The clock is ticking down on the sale of the Sparrows Point steel plant.
The Justice Department granted owner Mittal Steel Co. NV a 15-day extension yesterday - until July 5 - to find a buyer for the sprawling complex.
Mittal, of the Netherlands, is under a Justice Department consent order to sell the 118-year-old plant to resolve antitrust concerns relating to tin plate production arising from its $33 million merger with Luxembourg-based Arcelor SA.
Yesterday marked the second extension granted by the government, which last month gave the steelmaker an additional 30 days - until yesterday - to conclude a deal. Mittal could receive an additional 15-day extension if needed, Justice Department spokeswoman Gina Talamona said.
Mittal spokesman David Allen declined to comment yesterday.
Rumors about who the buyer might be have swirled among workers there since early April, when Mittal began showing the Baltimore County plant to prospective buyers. The tours were led by tight-lipped Mittal managers who refused to identify the visitors.
So far, Esmark Inc., of Chicago Heights, Ill., and CSN Brazil have disclosed that they made formal bids for the mill. Another Brazilian steel company, Usinas Siderurgicas de Minas Gerais SA, which is partially owned by Japanese steelmaker Nippon Steel Corp., also is reported to be interested in Sparrows Point.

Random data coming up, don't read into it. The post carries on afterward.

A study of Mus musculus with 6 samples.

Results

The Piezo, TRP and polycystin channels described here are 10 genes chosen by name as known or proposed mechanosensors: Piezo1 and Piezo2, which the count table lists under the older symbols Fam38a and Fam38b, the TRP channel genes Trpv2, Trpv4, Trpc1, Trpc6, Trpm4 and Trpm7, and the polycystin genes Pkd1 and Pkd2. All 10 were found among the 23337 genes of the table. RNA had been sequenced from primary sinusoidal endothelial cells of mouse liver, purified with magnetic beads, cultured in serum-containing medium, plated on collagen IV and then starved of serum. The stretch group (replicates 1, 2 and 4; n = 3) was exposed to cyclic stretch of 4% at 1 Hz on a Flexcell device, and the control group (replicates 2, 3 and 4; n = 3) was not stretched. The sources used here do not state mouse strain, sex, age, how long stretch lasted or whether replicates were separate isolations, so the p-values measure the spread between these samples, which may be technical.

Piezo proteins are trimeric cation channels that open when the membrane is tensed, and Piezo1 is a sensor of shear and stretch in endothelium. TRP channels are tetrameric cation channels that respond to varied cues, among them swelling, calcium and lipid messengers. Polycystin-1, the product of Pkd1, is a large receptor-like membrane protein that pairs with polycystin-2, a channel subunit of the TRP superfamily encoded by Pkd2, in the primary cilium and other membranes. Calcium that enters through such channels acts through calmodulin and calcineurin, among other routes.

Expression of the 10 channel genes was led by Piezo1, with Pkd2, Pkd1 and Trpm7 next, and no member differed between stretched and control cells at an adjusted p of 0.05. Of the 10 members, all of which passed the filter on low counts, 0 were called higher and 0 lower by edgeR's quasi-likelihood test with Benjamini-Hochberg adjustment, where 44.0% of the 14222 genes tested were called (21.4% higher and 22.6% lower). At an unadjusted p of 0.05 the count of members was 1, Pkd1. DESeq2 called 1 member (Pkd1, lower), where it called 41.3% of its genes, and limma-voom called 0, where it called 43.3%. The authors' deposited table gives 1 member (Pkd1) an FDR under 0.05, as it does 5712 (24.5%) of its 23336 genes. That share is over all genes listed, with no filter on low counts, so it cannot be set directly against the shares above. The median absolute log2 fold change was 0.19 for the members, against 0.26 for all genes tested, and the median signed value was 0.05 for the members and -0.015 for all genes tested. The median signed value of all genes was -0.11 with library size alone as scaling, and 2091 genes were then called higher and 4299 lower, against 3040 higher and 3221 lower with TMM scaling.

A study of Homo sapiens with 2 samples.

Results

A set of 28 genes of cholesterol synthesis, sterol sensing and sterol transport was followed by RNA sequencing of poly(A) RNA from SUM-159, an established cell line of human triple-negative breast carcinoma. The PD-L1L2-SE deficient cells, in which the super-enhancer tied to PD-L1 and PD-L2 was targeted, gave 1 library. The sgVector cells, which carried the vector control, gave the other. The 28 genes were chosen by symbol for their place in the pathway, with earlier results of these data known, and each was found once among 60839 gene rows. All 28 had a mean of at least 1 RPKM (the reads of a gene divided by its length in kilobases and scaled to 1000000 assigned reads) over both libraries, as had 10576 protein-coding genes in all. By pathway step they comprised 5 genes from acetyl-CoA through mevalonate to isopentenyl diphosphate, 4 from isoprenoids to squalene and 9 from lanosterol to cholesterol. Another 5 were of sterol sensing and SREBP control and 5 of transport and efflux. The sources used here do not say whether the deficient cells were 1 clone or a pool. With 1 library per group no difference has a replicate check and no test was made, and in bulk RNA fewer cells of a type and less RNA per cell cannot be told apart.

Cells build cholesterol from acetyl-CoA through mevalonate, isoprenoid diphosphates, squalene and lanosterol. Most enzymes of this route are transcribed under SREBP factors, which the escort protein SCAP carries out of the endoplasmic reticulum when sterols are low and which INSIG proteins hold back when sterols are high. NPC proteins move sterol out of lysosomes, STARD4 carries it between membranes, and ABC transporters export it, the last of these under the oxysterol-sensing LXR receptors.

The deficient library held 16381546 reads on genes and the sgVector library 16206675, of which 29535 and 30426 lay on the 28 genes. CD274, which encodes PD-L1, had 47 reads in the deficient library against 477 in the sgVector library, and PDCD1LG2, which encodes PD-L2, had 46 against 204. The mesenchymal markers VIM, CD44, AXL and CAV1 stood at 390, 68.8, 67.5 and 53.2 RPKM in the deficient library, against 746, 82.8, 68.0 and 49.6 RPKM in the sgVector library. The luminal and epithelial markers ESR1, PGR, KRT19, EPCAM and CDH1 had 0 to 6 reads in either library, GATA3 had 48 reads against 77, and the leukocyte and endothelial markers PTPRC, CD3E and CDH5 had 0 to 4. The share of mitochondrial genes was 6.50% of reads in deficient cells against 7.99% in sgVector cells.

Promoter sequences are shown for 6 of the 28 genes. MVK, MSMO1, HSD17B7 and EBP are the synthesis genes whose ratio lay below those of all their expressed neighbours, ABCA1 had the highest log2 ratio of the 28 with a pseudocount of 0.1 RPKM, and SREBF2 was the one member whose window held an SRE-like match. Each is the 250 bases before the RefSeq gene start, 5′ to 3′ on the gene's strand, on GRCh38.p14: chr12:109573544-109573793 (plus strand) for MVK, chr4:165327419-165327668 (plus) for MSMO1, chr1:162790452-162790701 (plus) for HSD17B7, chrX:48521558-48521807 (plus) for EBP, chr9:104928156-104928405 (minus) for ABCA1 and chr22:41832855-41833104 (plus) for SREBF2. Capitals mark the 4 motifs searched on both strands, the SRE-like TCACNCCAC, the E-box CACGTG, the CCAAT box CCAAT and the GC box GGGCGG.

James P. Bouchard, chairman and chief executive officer of Esmark, said yesterday that his company is still in the running, as far as he knows.
"Our interest remains the same and we're just waiting to hear," he said as he was leaving the Steel Success Strategies conference in New York City, where Mittal chief executive Lakshmi N. Mittal was scheduled to be a keynote speaker.
Bouchard said the sale was not discussed during the conference.
New York City-based analyst Chuck Bradford said Sparrows Point could fetch about $800 million based on last year's production and operating profit, which he estimated to be about $120 million. But he noted that the plant was temporarily shut down for several weeks at a time to keep production in line with demand, and it could be worth more to some buyers.
"It's all in the eye of the beholder," said Bradford, who was also at the steel conference.
Fewer than 2,500 workers pump out 3 million tons of steel annually at Sparrows Point, a far cry from the more than 25,000 who worked there less than 40 years ago.
Longtime owner Bethlehem Steel Corp. went bankrupt and sold the plant and other assets in 2003 to International Steel Group. ISG sold out to Mittal two years later.
Sparrows Point has fared well under Mittal compared with its sister plant in Weirton, W.Va. Last year, Mittal sent work from Weirton to Baltimore County because it was more efficient. About 1,000 workers in Weirton lost their jobs in the process.
The uncertainty of the sale has kept workers at Sparrows Point guessing.
"Since it's our third time, there's some anxiety about who it's going to be and whether our contract is going to be the same," said John Cirri, president of United Steelworkers Local 9477, which represents nonsalaried workers at the plant.
But, he added: "It's not like the first time. It's a shame that we're getting used to having new owners."